Jay, about those foreign phrases: For the very reason you mention (instantaneous translation of unfamiliar phrases made available by the Internet) I am much more likely to use fun and interesting foreign words or phrases simply because they are fun and interesting, for the right kind of reader. (I don’t think the other kind of reader is likely to enjoy my work or to benefit from it.) And why not? It is not a cosmic necessity that the Internet make writing more stupid, even if it mostly does.
One red line for many writers used to be non-Latin script, and so Lenin’s question would be rendered “Who, whom?” rather than “кто кого?” even though the Cyrillic is more evocative, at least to those of us who grew up during the Cold War. I might hesitate to use that in a daily newspaper column or something similar. But in a long essay or a book, I think phrases in non-Latin script can add a bit of extra flavor. They’re a little bonus for people who know Russian or Greek or whatever, and those people need encouragement. And sometimes they make a lot of sense in context, even though they also are an invitation to error.
I’d be curious to hear from others around here how they go about deciding when to include or exclude foreign phrases — or more recondite English for that matter.
Most readers probably would not recognize ὀχλοκρατία or streitbare Demokratie (to take two terms I rely on in The Smallest Minority), but I think it is fun to throw them out there for readers raw. And they also let people who don’t like that kind of writing know that this isn’t meant for them. (“It’s the sort of thing you’ll like, if you like that sort of thing.”) Stephen Hawking said that when he was writing A Brief History of Time “someone told me that each equation I included in the book would halve the sales.” Of course most of us prefer to sell more books rather than fewer, but, at the same time, it is reasonable to ask: Are the people who are skipping a Stephen Hawking book because it has an equation in it the people who are going to benefit from reading a Stephen Hawking book? Are the people who object to untranslated French in Jay Nordlinger columns looking for Jay Nordlinger columns? If so, why?
A Brief History of Time is said to be a world-record holder when it comes to the delta between the number of people who bought the book and the number of people who read the book, and I suspect that Hawking here uncharacteristically got the math wrong: Those equations may not have halved the sales, but they may have halved the readership.
T. S. Eliot may have assumed that his readers would have enough Latin and Greek to understand the quotation from The Satyricon that he uses as an epigraph to The Waste-Land
Nam Sibyllam quidem Cumis ego ipse oculis meis vidi
in ampulla pendere, et cum illi pueri dicerent: Σίβνλλα τί ϴέλεις; respondebat illa: άπο ϴανεΐν ϴέλω.
and that they would recognize the compliment to Ezra Pound (il miglior fabbro) in the dedication as a line from Dante, but I suspect that he would have used the untranslated foreign terms in any case for aesthetic reasons, to convey an impression of that “heap of broken images” he wrote about.
For us less rarefied writers down here in the world of opinion journalism, there’s the ever-present question of what it is we are supposed to be and to be doing: Are we writers here to inform and entertain, or are we political functionaries here to move the ball forward on behalf of this or that party or cause? A few years ago, I was in a room full of very angry Republicans demanding to know what I was doing to help to ensure that the GOP had a good showing in the upcoming elections, and they were annoyed and confused when I answered: “Nothing.” That isn’t what I do. There is certainly room for that kind of writing, and there is a very large and lucrative market for that kind of broadcasting, and you probably don’t want a lot of untranslated French or Latin or Greek in it. All that railing against “elitism” makes sense if your project is building an electoral coalition.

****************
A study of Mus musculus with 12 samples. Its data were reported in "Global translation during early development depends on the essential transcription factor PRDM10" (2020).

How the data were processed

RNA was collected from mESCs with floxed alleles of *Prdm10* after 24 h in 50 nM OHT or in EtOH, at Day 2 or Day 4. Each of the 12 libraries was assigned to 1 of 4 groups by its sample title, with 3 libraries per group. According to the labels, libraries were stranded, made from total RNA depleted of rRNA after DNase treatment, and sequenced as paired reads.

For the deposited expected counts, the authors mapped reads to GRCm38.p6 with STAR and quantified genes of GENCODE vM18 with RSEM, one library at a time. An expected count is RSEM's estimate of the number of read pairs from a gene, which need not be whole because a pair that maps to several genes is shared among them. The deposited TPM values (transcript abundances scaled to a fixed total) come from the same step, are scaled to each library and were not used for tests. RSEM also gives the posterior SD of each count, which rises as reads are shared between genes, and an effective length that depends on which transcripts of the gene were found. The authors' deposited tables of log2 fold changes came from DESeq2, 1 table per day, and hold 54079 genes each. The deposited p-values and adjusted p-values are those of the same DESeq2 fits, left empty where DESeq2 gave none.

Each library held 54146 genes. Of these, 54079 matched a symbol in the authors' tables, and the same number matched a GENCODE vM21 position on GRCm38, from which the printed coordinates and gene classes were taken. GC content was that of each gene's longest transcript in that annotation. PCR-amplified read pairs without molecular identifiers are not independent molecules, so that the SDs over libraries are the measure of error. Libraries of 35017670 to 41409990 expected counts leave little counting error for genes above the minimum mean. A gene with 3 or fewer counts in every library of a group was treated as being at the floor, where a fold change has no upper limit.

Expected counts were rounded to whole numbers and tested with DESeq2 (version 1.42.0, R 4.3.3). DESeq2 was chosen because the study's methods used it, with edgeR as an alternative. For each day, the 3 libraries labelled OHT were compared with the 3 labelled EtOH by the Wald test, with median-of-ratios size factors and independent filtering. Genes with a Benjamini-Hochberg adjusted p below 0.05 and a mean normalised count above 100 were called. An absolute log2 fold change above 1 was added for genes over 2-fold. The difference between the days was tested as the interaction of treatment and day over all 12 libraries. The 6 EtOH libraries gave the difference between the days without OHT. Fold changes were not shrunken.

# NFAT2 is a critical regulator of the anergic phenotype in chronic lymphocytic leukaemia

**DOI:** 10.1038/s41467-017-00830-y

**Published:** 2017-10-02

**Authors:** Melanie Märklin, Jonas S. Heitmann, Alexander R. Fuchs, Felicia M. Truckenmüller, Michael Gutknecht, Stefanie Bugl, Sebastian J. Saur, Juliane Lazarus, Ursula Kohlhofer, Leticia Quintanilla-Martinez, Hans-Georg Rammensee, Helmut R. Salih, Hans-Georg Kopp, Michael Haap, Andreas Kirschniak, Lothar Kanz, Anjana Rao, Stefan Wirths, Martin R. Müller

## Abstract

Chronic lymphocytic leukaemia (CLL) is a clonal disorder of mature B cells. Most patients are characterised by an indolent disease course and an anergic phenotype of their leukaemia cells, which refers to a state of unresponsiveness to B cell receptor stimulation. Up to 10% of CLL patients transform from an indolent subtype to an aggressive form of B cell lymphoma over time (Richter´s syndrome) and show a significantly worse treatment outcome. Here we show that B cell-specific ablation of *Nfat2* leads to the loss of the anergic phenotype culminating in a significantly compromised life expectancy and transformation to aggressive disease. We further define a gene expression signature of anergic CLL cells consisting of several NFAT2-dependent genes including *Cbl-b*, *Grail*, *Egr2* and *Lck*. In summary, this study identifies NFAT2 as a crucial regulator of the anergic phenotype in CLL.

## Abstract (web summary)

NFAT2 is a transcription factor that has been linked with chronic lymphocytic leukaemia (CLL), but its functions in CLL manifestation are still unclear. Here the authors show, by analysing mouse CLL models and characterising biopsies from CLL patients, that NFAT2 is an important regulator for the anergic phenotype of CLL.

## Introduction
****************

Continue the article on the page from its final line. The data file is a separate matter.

If your project is something else, then that “elitism” (which often is not elitism) may be inescapable, since there are many worthwhile pursuits that are neither popular nor democratic nor reconcilable with the populist-democratic sensibility. Taylor Swift is going to put a hell of a lot more paying asses in concert-venue seats than Itzhak Perlman will this year. And if that is how you calculate value, then you are going to prefer the more accessible mode of writing. The kind of writing that doesn’t have a lot of untranslated French in it is going to get a lot more clicks than the kind of writing that has a lot of untranslated French in it.
But there still is room for that less popular kind of writing, too, I hope. (The first printing of Pride and Prejudice was 1,500 copies; Michelle Obama’s memoir sold 3.4 million copies in 2018.) I think the trouble comes when readers (and, just as often, writers) don’t know which is which, or which is being attempted. I hear from time to time from readers who cannot figure out how an essay about the hideousness of Washington’s architecture or the general awfulness of public art in the United States is going to help Republicans cut corporate taxes or win souls to the one true faith of conservatism. They end up disappointed because they come looking for one kind of writing and find a different kind.
And that’s the tricky thing to get right in advocacy journalism: the relative proportions of advocacy and journalism. If you are the kind of writer who awaits personal vindication on Election Day, then you’ll probably favor a more popular idiom. At the risk of making this an extended commercial for National Review, I am grateful that Bill Buckley’s magazine exists and still publishes the kind of writing that might include an occasional French phrase, along with more accessible material. À chacun son goût.